Updated: An Interesting "Respect for People" Question


    Lean Insider – Toyota Shifting Production to Lower Labor Costs? It Could Happen

    The Lean Insider blog poses an interesting question…. is it keeping with the “respect for people” principle of the Toyota Production System if Toyota wants to move some production away from high-cost NUMMI (in high-cost California). Or, what if Toyota wanted to pull out completely, as rumored here on this other blog.

    I'm still chewing on that one. What do you think? Feel free to comment here also. I'll post my thoughts later.

    Update: Our friend Ron posted his thoughts at his Lean Six Sigma Academy blog.

    Mark Graban is an internationally-recognized consultant, author, and professional speaker, and podcaster with experience in healthcare, manufacturing, and startups. Mark's new book is The Mistakes That Make Us: Cultivating a Culture of Learning and Innovation. He is also the author of Measures of Success: React Less, Lead Better, Improve More, the Shingo Award-winning books Lean Hospitals and Healthcare Kaizen, and the anthology Practicing Lean. Mark is also a Senior Advisor to the technology company KaiNexus.


    1. It’s been brought up before in posts about Toyota and temp workers – if a reduction in workforce is due to “lean” or as a result of improvements then yes, it does violate the “Respect for People” principle.

      But, like the example of temp workers in Indiana, this is a market dynamics issue. If the market for Tacomas has fallen and Toyota (NUMMI) has tried everything it can do reduce waste and resultant cost, then a reduction is inevitable and would not be a violation of the principle.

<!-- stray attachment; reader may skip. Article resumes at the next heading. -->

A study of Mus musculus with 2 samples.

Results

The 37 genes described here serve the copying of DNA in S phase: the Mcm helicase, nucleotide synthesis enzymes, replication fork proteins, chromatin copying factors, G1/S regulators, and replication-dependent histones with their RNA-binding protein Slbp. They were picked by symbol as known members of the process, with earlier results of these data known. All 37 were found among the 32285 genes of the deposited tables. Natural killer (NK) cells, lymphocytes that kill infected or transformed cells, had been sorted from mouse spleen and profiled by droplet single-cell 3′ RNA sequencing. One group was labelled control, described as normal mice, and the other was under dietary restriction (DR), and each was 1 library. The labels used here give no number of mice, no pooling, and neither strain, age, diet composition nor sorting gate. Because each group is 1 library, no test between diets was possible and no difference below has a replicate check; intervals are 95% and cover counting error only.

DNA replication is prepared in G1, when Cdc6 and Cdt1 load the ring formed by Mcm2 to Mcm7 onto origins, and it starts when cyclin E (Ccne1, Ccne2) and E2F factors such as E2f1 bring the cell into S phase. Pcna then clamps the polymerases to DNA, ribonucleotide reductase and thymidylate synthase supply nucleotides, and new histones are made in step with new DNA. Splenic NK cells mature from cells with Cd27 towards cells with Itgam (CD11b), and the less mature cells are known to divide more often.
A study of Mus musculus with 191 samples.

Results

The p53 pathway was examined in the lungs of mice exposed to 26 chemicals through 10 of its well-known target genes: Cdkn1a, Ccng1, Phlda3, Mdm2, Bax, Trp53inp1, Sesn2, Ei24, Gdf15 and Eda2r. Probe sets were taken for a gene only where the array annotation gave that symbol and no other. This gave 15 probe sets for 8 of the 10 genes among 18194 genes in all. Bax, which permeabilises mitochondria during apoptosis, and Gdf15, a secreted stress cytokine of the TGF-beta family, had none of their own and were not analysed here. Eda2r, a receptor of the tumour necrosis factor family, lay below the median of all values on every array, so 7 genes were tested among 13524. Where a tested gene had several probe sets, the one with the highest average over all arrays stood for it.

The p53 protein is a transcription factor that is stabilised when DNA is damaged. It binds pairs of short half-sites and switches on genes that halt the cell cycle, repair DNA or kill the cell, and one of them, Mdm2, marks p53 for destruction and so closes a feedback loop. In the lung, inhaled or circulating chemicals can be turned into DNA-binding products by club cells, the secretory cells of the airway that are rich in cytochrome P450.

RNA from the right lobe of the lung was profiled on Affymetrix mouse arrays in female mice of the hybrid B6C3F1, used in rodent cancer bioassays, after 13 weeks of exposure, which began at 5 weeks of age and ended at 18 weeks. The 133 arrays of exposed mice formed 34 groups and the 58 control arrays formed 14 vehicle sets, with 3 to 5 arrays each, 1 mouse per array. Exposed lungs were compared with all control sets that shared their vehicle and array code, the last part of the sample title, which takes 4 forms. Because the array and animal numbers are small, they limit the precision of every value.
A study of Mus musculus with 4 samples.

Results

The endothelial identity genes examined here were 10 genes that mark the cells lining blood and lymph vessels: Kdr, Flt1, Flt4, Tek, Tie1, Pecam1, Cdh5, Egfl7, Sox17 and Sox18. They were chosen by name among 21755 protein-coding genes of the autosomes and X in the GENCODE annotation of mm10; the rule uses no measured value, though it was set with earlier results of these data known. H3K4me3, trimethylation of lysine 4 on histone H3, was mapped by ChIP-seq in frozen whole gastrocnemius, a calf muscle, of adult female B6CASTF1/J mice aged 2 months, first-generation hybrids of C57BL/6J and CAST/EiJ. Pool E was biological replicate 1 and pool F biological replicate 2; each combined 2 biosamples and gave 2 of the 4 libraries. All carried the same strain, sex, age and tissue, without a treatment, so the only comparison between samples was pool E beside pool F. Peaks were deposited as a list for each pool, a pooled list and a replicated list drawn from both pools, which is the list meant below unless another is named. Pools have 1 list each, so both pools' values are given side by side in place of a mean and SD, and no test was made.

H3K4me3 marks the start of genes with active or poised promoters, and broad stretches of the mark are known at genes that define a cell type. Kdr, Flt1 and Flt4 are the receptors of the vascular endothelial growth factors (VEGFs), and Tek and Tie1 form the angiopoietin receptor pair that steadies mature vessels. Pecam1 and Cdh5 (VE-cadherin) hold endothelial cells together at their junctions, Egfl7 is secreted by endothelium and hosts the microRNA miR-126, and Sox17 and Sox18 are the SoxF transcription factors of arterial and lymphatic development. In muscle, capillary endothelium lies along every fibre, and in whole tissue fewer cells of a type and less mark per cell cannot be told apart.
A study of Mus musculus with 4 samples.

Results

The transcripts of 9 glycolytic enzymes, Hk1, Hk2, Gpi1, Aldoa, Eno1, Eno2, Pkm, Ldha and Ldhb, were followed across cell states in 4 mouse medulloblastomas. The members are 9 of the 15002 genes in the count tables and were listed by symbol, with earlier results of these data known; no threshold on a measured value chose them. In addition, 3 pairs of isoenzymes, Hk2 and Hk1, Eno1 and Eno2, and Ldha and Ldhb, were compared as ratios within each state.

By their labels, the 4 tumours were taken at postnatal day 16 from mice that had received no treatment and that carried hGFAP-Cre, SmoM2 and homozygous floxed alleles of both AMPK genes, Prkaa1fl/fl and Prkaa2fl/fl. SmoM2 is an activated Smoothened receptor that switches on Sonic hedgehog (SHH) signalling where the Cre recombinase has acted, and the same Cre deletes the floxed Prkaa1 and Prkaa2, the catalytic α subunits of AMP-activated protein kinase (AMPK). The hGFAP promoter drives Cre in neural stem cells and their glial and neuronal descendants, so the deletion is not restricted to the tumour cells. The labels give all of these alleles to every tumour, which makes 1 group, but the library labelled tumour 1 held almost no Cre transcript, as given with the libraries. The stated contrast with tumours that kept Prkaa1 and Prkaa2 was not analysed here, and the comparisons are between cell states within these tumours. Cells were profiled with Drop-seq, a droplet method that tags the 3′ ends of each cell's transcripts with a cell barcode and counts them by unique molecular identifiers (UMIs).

I just hope that Toyota, NUMMI, and the UAW truly do everything in their power to drive cost out of the operation and prevent a reduction or outright closure. Use attrition, early retirements, rotating assignments, voluntary relo’s to other Toyota facilities, etc. Try anything and everything – think of at least 7 ways to avoid moving production, right?

      Here’s a back-at-ya: Take NUMMI and Toyota out of the article and substitute GM, Ford, or Chrysler. What would we be saying then? Would we be jumping all over GM/Ford/Chrysler management for placing the responsibility squarely on the shoulders of one plant?

      The ball is in Toyota’s court. It shouldn’t have been a NUMMI representative saying “NUMMI must improve its competitiveness”. It should have been a Toyota representative saying “WE must improve OUR competitiveness”.

    2. When you talk about “respect for people”, it’s important to keep in mind that the “people” we are supposed to have respect for are not just the NUMMI employees. By shifting production to a lower-cost location, isn’t Toyota showing respect to these people in the lower cost location who are capable and willing of producing quality cars, but haven’t been given a chance? It’s also important to show respect for the investors by helping them earn a fair return on their investment, and to show respect for our customers by giving them a great product at a competitive price.